When it comes to avoiding objects while traveling in reverse, rear cameras are more effective than parking sensors. However, they are not helpful in every situation. Researchers recently conducted a study with drivers in an empty parking lot in Los Angeles. Their study results showed that cameras were more helpful than parking sensors in preventing backward crashes into pedestrians. They also found that cameras alone worked better in these situations than cameras and parking sensors combined.
Children are often the unfortunate victims of backward pedestrian crashes. There are many driveway tragedies of this nature every year in the United States. Experts estimate about 300 people are killed and about 18,000 are injured annually in backward pedestrian crashes. These accidents typically occur in driveways and parking lots. Elderly people and young kids are more likely to be killed than older kids or younger adults. Many vehicles have large blind zones, and this increases the backover risk. Trucks and SUVs are commonly involved in these accidents, because it is hard for drivers to see children who are playing or lying on the ground from a higher blind zone.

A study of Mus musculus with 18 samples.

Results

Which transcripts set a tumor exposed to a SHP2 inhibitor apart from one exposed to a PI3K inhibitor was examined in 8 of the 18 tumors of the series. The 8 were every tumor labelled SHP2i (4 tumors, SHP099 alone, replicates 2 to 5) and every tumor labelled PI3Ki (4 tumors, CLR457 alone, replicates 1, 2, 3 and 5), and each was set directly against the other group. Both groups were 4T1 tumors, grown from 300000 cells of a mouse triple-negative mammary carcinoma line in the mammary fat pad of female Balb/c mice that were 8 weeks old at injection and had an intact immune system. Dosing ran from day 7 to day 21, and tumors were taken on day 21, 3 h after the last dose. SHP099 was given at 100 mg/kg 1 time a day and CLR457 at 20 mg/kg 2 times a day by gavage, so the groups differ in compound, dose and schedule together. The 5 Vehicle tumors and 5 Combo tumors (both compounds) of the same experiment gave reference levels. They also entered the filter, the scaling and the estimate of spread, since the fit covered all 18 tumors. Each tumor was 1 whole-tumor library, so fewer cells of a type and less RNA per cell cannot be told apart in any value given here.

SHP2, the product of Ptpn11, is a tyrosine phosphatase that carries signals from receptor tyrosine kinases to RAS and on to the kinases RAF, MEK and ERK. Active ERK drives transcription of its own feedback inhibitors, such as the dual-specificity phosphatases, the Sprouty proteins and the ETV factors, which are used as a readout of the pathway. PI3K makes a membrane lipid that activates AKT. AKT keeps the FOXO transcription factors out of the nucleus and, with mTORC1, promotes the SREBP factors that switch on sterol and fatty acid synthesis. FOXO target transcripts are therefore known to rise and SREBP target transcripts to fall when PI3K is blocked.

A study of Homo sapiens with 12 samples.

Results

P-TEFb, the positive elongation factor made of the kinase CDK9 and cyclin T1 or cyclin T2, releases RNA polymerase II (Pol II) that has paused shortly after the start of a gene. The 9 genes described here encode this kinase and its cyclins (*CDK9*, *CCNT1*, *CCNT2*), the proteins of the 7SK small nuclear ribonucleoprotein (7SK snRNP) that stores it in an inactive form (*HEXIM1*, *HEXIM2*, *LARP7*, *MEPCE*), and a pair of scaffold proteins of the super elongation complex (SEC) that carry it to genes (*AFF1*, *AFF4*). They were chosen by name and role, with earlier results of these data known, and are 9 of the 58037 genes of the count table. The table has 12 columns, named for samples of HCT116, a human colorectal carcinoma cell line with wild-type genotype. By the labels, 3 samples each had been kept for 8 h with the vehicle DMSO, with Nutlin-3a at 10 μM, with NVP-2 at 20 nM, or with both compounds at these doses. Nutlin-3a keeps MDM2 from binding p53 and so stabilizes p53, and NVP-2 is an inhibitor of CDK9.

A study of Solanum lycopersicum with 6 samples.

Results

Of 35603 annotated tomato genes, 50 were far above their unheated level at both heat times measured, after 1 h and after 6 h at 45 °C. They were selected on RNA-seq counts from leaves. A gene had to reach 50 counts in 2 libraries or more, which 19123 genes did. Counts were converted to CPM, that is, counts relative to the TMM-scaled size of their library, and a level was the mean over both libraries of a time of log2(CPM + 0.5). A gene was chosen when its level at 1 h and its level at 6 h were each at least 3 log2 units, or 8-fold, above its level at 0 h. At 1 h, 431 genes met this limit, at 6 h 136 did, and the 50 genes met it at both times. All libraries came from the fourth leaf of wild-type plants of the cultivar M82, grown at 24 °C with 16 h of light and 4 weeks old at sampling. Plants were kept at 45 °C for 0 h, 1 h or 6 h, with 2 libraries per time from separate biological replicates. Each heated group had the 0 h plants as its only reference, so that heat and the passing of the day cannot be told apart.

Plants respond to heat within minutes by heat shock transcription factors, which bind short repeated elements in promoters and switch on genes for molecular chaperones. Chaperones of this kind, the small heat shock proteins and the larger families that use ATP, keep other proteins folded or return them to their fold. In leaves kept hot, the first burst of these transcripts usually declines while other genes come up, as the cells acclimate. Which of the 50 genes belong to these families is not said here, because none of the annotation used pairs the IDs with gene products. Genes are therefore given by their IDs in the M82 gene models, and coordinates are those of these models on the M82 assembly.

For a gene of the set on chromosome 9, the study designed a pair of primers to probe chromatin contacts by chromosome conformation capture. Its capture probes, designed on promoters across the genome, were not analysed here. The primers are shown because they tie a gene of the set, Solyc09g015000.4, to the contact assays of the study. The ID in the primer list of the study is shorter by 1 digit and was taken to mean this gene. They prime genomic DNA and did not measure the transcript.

This study was the second study that examined parking sensors and cameras affecting visibility for backover collisions into pedestrians. The first study used people of varying sizes from small children to average-sized men in over 20 different vehicles. All of the vehicles chosen were made between 2010 and 2013. Researchers carefully looked at how each type of technology improved detection and visibility in each of these vehicles.
During their study, researchers placed a painted pole behind a vehicle to show the varying heights and head sizes of kids who were between 12 and 15 months, between two and three years and between five and six years. They analyzed which parts of the pole were visible. The pole with the band representing the youngest age group was far more difficult to see than the ones with bands representing older children. Unless the driver was further than 27 feet away from the pole, the smallest height could not usually be seen. Large SUVs were the worst offenders if they did not have any added technologies. However, small cars ranked the highest in this area of safety.
One exception to this was the Hyundai Sonata, which had a high trunk and a sloping rear window. The blind spot on this vehicle was more than 40 percent larger than the blind spot on a Ford F-150 truck, which had side mirrors designed for enhanced visibility while towing. On average, experts said that backup cameras reduced blind spots by about 90 percent. Parking sensors were also helpful in reducing blind areas. However, parking sensors only added between two and three percentage points beyond those provided by just cameras.